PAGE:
Would you Trip with Hallucinogens for your Mental Health?

The war on drugs in the 1970’s created mass hysteria over the use of drugs. Any and all, ranging from marijuana to heroin, were fiercely fought against. What scientists are learning today though (and what free spirits may have known all along) is that some of these drugs serve medical purposes. For example, MDMA in ecstasy could be used to help those with PTSD. Perhaps one of the well known drugs that has multiple medical uses is marijuana. From depression to cancer relief, this plant has a lot to offer for those who are suffering. The next question to ask though is if hallucinogens could be the next drug to appear on this list.


Two small studies have been conducted using hallucinogens to treat depression and anxiety that were being experienced by cancer patients. One was done by Johns Hopkins, the other by New York University Langone Medical Center. The results these researchers received were astounding.

Patients were given a dose of psilocybin (a compound found in hallucinogenic mushrooms) in a closed room with two trained monitors. They were then allowed to trip for several hours. This single dose created monuments changes for these individuals.

They received relief from depression and anxiety for up to six months, some for longer. Some patients had their depression or anxiety go into remission. The rise in optimism and quality of life was also apparent for those that participated in the studies.

Hallucinogens and Mental Health

Those who have taken medication for their depression or anxiety know how hit or miss medication can be. It can take several months for the affects to even become apparent, and even longer to find a mix of pills that could potentially help their symptoms. These new studies reveal that after a single four to eight hour ‘trip’, patients were able to experience relief for at least six months.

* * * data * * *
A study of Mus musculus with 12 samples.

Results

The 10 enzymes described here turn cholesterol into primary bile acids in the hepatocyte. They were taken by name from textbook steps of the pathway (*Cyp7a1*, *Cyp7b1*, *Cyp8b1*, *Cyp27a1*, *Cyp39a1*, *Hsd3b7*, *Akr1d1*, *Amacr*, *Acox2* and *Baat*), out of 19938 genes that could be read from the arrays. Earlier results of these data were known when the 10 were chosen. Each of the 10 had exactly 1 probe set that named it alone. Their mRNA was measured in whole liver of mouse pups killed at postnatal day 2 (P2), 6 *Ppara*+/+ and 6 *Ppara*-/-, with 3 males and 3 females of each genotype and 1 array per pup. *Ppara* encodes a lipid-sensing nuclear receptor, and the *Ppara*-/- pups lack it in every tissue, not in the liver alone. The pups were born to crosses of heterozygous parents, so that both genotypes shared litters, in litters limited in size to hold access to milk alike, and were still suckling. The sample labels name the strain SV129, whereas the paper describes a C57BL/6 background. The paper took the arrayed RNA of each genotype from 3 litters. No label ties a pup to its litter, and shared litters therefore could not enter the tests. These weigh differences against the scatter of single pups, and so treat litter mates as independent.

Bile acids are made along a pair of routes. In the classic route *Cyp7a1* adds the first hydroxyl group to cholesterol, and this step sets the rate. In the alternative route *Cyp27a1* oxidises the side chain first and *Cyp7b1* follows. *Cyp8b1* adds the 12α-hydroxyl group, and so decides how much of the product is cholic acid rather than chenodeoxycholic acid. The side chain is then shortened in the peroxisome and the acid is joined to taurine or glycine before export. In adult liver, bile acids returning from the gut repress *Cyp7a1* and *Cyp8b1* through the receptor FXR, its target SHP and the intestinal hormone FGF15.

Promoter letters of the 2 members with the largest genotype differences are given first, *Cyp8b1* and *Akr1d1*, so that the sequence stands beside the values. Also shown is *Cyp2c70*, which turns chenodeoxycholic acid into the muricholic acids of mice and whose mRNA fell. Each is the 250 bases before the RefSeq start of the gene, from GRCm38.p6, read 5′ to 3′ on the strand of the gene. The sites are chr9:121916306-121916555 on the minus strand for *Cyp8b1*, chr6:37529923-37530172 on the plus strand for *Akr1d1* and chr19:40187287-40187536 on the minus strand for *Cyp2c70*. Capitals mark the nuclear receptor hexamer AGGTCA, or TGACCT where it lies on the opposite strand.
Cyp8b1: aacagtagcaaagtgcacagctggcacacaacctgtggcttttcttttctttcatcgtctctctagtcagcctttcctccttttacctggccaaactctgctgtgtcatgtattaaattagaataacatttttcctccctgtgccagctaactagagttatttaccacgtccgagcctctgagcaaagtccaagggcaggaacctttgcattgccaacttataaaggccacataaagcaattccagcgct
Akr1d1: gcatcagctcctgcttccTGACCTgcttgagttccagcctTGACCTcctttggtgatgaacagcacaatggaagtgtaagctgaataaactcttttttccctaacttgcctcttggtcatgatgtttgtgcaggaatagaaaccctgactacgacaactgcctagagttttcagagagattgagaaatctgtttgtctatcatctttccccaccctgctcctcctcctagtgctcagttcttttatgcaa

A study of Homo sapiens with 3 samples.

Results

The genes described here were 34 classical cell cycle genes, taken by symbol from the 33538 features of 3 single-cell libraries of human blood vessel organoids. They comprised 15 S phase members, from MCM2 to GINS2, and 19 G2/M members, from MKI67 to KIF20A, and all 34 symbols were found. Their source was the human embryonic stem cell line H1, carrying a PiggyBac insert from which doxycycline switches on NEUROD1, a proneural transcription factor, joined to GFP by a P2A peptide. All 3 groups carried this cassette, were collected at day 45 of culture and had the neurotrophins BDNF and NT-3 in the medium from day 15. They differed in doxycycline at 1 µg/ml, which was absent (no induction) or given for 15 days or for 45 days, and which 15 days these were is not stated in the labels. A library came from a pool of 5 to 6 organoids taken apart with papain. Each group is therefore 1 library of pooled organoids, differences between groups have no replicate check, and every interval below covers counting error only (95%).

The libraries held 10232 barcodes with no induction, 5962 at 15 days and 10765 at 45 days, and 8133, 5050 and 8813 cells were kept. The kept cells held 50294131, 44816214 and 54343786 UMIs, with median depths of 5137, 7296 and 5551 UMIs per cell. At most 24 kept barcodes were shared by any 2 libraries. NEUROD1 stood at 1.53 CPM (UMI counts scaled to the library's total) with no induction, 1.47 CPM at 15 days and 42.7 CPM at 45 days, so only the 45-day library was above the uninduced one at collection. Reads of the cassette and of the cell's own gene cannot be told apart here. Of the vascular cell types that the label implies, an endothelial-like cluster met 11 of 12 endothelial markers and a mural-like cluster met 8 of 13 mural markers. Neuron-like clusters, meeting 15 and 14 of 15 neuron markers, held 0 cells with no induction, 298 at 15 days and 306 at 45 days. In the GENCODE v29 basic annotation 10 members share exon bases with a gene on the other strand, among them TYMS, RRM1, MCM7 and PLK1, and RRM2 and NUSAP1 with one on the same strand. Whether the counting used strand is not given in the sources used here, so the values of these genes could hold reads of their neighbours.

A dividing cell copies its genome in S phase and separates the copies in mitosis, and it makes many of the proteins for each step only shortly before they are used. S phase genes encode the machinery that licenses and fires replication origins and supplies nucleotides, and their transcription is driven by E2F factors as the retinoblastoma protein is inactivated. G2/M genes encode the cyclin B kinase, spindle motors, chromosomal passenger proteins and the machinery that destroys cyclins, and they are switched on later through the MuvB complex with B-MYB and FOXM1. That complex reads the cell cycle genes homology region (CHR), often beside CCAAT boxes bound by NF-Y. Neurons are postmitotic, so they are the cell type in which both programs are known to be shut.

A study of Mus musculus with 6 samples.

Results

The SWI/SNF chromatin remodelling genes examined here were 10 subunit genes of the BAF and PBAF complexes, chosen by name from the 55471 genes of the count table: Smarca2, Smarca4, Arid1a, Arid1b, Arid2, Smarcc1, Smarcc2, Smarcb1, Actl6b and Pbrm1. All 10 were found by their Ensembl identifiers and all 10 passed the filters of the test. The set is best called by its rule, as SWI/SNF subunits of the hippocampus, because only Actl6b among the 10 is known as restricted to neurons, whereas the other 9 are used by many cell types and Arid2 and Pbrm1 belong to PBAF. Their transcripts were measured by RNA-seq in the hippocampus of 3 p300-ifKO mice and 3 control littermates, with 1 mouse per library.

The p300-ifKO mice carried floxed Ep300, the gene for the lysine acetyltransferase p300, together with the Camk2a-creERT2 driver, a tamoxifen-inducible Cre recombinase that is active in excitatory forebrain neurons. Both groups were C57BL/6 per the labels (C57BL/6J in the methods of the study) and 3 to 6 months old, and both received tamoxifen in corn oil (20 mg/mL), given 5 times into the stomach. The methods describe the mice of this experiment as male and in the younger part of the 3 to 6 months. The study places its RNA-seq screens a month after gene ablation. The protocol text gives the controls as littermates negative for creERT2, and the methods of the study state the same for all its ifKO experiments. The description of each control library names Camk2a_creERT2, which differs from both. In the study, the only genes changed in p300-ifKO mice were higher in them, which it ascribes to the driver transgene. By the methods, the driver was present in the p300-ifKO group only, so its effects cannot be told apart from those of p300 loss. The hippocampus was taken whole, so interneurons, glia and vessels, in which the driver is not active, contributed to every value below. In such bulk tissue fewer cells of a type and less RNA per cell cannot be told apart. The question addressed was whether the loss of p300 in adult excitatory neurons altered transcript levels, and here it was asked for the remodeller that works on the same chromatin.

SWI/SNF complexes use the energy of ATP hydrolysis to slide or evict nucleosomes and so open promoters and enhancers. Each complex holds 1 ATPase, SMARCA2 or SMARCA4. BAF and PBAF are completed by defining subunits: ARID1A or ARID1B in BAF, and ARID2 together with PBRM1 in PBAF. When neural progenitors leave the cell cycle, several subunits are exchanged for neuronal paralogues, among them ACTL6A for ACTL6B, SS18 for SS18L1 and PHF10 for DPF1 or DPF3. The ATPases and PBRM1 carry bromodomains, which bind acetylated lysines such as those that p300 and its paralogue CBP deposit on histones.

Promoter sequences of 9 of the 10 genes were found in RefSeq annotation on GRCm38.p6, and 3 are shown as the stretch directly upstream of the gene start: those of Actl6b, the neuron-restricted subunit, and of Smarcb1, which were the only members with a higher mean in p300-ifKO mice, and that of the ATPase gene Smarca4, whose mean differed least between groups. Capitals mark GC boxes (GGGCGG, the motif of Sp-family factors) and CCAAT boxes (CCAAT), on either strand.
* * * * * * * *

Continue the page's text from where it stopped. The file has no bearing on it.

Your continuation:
Cancer patients are extremely liable to feel these kinds of negative emotions because of the diagnosis they have received. They can feel helpless and hopeless at the prospects of the treatments and surgeries that may lie ahead. What makes the results of these studies so amazing is that their improvements matched those of health volunteers.

Perhaps the best part of these studies is that the side effects of using hallucinogens to treat these mental illnesses was minimal. This is compared with the typical laundry list of side effects that can come along with using prescription medications.

While the studies were small, the results were promising. Hallucinogens may not be used to treat mental illnesses anytime soon but it lays the ground work to begin more research into their perspective uses.

As more research pours in as to the uses of marijuana and now hallucinogens, maybe hippies had it right all along!